God of Carnage - New York theater
God of Carnage
by Yasmina Reza
Translated by Michael Hampton
Directed by Matthew Warchus
Bernard B. Jacobs Theatre, 242 W. 45th St
September 10, 2009.
New York, NY: As I took my premium seat, center in the 4th row orchestra ( the only way I could get a last minute decent seat to this play), the contrast between the childlike cartoon figures of a boy standing betweeen his mom and dad, depicted on the scrim, and the play title, God of Carnage, promised an interesting show.
At curtain rise the symbolism was overt. The stage set (designer Mark Thompson), an elegant living room with art books piled high on a coffee table, is surrounded by walls painted blood-red . The facade of the upstage wall demarcating the living room, is cave-like in its appearance; a creamy-coloured sofa and vases of pure white tulips contrast with the blood-red of the carpeting.
Two couples, hosts Veronica (Marica Gay Harden) and Michael (James Gandolfini) and guests Alan (Jeff Daniels) and Annette (Hope Davis) are ostensibly politely getting to know each other over afternoon and pastries. Michael is a wholesaler of household fixtures and a "good son" to his aging mother who phones him constantly. Veronica is a collector of art books, and a writer, obsessed with the horrible state of the world, particularly Africa.. She is writing a book on Darfur. Their son, Henry, was recently attacked and beaten up.
Alan is a fast talking, suave high powered lawyer, who is inseparable from his cell phone. He represents a major pharmaceutical firm whose multimillion dollar drug is about to blow up with the discovery that it causes major neurological side effects such as ataxia. And the annual shareholders' meeting is about to take place!
Annette, his elegantly dressed, beautiful blonde second wife, and mother of Benjamin, describes herself as a Wealth Manager, although whose wealth she manages is not obvious. But never mind- it sounds very sophisticated.
As we watch them make polite small talk - discussing a recipe for a pear and apple clafouti that Alan devours like a starving cave-man - we know that the politeness is but a thin veneer. And when we realize that the reason for the meeting is that Benjamin is the "bludgeoner" who knocked out two of Henry's teeth in a playground brawl, we know that we are about to see what lies behind each character's mask of polite civility.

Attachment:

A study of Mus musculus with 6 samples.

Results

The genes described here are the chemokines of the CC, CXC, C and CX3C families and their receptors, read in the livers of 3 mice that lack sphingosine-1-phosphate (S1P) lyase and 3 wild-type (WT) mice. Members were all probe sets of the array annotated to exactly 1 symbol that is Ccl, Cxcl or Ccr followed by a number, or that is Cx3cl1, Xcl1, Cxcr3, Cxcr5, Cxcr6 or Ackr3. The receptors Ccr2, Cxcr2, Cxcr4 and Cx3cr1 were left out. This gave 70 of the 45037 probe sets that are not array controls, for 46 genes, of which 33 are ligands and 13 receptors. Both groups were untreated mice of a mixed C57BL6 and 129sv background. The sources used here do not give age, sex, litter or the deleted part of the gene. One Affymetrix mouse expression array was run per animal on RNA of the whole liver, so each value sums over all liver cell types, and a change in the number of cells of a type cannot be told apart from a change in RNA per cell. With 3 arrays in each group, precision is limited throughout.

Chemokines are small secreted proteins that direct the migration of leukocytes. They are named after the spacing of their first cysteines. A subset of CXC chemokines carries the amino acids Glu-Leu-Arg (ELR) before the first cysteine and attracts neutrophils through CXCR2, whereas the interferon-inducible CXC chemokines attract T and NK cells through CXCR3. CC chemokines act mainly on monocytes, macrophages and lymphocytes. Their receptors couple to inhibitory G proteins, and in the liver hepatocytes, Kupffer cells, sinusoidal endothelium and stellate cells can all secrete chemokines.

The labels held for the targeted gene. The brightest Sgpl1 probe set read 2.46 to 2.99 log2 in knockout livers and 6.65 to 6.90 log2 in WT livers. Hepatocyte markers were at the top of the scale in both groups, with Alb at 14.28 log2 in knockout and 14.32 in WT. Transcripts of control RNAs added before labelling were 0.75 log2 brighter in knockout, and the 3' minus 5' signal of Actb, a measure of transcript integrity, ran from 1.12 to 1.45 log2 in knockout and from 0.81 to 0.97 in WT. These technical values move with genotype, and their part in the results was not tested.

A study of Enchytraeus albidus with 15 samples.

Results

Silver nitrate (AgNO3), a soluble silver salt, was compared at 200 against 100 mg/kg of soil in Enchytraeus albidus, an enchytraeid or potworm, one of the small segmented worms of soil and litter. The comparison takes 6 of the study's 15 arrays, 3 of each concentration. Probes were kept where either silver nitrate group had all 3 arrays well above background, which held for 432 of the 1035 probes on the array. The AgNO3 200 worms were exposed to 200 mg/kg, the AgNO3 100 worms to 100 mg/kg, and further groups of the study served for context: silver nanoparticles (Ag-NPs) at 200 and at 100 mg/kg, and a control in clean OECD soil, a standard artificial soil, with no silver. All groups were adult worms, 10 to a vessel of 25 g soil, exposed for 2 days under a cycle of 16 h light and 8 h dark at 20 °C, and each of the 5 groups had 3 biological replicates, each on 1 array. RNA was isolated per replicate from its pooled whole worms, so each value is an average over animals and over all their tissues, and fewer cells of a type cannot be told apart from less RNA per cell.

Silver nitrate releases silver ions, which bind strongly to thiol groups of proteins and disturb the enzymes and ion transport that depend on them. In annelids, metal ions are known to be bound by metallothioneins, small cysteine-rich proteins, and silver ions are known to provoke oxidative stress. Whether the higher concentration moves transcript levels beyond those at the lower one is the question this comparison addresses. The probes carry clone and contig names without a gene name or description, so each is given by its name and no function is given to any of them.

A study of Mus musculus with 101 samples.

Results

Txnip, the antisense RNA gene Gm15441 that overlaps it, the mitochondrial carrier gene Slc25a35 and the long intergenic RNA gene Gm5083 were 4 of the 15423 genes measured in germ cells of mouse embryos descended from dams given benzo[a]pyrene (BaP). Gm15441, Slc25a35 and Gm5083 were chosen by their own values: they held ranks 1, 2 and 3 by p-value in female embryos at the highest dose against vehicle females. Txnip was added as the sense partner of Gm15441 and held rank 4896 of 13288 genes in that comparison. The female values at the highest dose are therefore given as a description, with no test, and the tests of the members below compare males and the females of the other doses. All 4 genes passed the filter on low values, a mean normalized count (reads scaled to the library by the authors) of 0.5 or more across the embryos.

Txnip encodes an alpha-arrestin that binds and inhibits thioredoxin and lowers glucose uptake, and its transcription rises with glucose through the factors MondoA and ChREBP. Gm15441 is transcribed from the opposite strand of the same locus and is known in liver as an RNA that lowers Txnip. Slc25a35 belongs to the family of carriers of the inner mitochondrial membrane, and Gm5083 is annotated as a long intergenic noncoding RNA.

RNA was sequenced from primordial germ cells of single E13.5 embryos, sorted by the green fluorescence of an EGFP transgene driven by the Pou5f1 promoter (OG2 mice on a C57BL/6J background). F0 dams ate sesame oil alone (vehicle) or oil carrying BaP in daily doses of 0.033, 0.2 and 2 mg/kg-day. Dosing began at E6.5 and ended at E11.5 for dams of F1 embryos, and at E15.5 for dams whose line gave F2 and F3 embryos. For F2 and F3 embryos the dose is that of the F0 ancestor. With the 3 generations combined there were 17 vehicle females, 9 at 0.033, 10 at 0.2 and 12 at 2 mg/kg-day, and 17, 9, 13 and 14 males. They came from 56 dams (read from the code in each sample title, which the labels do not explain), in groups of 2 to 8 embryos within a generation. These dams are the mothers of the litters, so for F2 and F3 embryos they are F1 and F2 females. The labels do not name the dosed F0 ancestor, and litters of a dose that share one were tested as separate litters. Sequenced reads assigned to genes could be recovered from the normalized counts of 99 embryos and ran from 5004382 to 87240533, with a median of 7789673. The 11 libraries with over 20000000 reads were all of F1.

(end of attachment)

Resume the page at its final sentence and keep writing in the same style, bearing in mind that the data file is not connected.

All four actors deliver absolutely superb performances. Aided by liberal amounts of rum, alliances form and reform, as the real state of their marriages, their feelings for each other and their "causes" are revealed. Although it is a little bit like watching a train wreck in slow motion, the play is bitingly funny.
It is amusing watching Annette being far more distressed about the fate of a "liberated" hamster than about Henry's damaged teeth, Veronica the pacifist beating up her husband, and .Michael dealing with his aging mother whohas just been prescribed the drug that causes ataxia. But Alan has several of the best one-liners. With my medical background, I loved his dismissal of the ataxic side effects as "two or three people bumping into furntiture."
This single act four-hander has been running for some time on Broadway. It is deserving of the plaudits it has received and I thoroughly enjoyed the play. My only quibble, which obviously is not the fault of the writer or the actors, is that no matter which expensive seats I get, somehow I always seem to be seated behind the tallest or largest person in the row in front and have my sightline blocked for significant parts of the stage.
Maybe they should sell seats by height -tall and large people only allowed in the back rows. Yes I know I am grumpy but that is two shows so far out of 3 that my view was obstructed, despite paying premium prices for the tickets. Humph!
Well, three more shows to go - hopefully my sightlines will be better in the other theatres. The View from the House should be a good one.